Follow-Up and Feedback
Definition: Feedback is a process involving the exchange of information between a supervisor and an employee about performance expectations and the performance exhibited by that individual. Feedback is not just the sharing of critical or constructive information, but also positive examples of effective performance.
Feedback should be:
Specific: It’s important that feedback is related to a specific event or instance of positive or negative performance. Rather than saying “you’re doing a good (or bad) job”, explain specifically what the individual is doing and how it is impacting the situation.
Timely: Attempt to give feedback in as timely a manner as possible. The closer to the event, the more the individual will be able to reflect on the circumstance in real time. Note, however, that you should always ask an individual if they are ready to receive feedback.
Private:Critical performance feedback should always be given in a private location, and should only be shared between you and the relevant parties. It’s also important to consider the personality of the individual to whom you’re giving feedback. Does this person tend to be defensive? Are they a morning person?
What exactly is specific feedback?
When feedback is specific it contains the three following pieces of information:
SITUATION BEHAVIOR IMPACT
Anchors feedback in time, Observable actions that can Feelings and thoughts the
place, and circumstances and be recorded (audio or video) feedback giver had, and how
helps receiver remember and allows feedback receiver the feedback giver or others
and/or understand the to know exactly what he or behaved as a result of the
context. she did that had impact feedback receiver’s behavior.
Read more about the Situation-Behavior-Impact method of giving feedback in the power point below!
Self - Directed Learning Activities
The Delicate Art of Giving Feedback (https://hbr.org/2013/03/the-delicate-art-of-giving-fee)
Feedback that Works (https://hbr.org/2009/04/feedback-that-works.html)
Harvard Business Review. (2016). HBR Guide to Delivering Effective Feedback
Stone, D., & Heen, S. (2015). Thanks for the feedback: The science and art of receiving feedback well. Penguin.
Weitzel, S. R. (2008). Feedback That Works: How to Build and Deliver Your Message. Center for Creative leadership.
10 Common Mistakes in Giving Feedback (https://www.youtube.com/watch?v=Fovrb4Y6OTI)
Self Guided Training:
Guided Learning Activities
Volunteer to mentor a new employee, during their training practice providing both positive and developmental feedback. On occasion, check in with your mentee and ask them about the effectiveness of your feedback. Is your feedback complete? Does it come at a good time?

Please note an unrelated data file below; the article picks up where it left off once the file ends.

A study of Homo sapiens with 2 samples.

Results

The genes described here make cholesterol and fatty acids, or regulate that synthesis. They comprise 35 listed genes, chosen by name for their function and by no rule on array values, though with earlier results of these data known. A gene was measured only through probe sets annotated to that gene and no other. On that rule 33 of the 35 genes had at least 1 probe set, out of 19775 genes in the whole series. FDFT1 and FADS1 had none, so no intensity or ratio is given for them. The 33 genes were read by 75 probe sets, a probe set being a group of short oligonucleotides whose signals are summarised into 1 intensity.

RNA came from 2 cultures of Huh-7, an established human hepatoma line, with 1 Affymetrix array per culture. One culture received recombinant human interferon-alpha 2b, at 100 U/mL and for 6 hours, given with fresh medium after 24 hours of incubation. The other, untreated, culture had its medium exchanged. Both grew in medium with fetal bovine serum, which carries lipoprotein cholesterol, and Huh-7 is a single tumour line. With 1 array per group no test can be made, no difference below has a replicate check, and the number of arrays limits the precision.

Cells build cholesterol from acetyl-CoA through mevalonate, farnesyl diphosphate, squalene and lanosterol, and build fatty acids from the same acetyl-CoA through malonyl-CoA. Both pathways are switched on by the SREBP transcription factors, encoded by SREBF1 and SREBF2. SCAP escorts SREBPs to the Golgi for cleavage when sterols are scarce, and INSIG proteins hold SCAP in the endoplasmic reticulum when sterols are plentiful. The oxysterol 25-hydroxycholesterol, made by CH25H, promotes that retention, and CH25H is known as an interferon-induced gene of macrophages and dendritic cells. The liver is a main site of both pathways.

Work with a trusted coworker or your supervisor to practice feedback messages using the SBI model. Write down some of your thoughts and then share them out loud. Get suggestions about your delivery.
Remember, you don’t need to be in a position of authority to give feedback. Practice using the SBI model to give feedback to your peers.
Feedback isn’t just for the workplace, you can practice giving effective feedback with family and in group activities outside of work.
School and Course Module:
o COM/MGT 2130 -Human Relations: This course is designed to help students become successful in predicting, understanding, and influencing the outcome of their interactions with others by better understanding themselves. The course will involve readings, group activities, class discussions and short essays to explore and analyze theoretical concepts of human relations and their application from a personal, interpersonal, and organizational perspective.
Eastern Wyoming College
o CO/M 1040 Introduction to Human Communication: This course focuses on the role of communication in current affairs, business, and personal relations. Practical application of theory to communication problems in everyday life.
o MGT 1000 Introduction to Supervision: This course seeks to develop an understanding and appreciation of the basic concepts of supervision, to include planning, organizing, human resources management, directing, and controlling. Topics covered also include motivation, delegation, leadership, communications, team-building, total quality management, and discipline.
Laramie County Community College
o MGT 1000 Introduction to Supervision: Students acquire techniques to improve or establish themselves as first-line supervisors. The student will understand and be able to apply basic management principles in solving problems encountered by first-line supervisors.
o MGT 1500 Leadership Essentials: Students develop performance-based competencies and skills needed to prepare for leadership positions in today's workplace. Topics explored include leadership communication, conflict resolution, employee and self-development, change management, coaching, managing performance problems, and team building
o CO/M 2015-Leadership Skills: This course is designed to educate specified groups in effective leadership skills. Includes discussion and practice in teamwork, communication, critical thinking and problem solving, planning, conflict management, and social responsibility.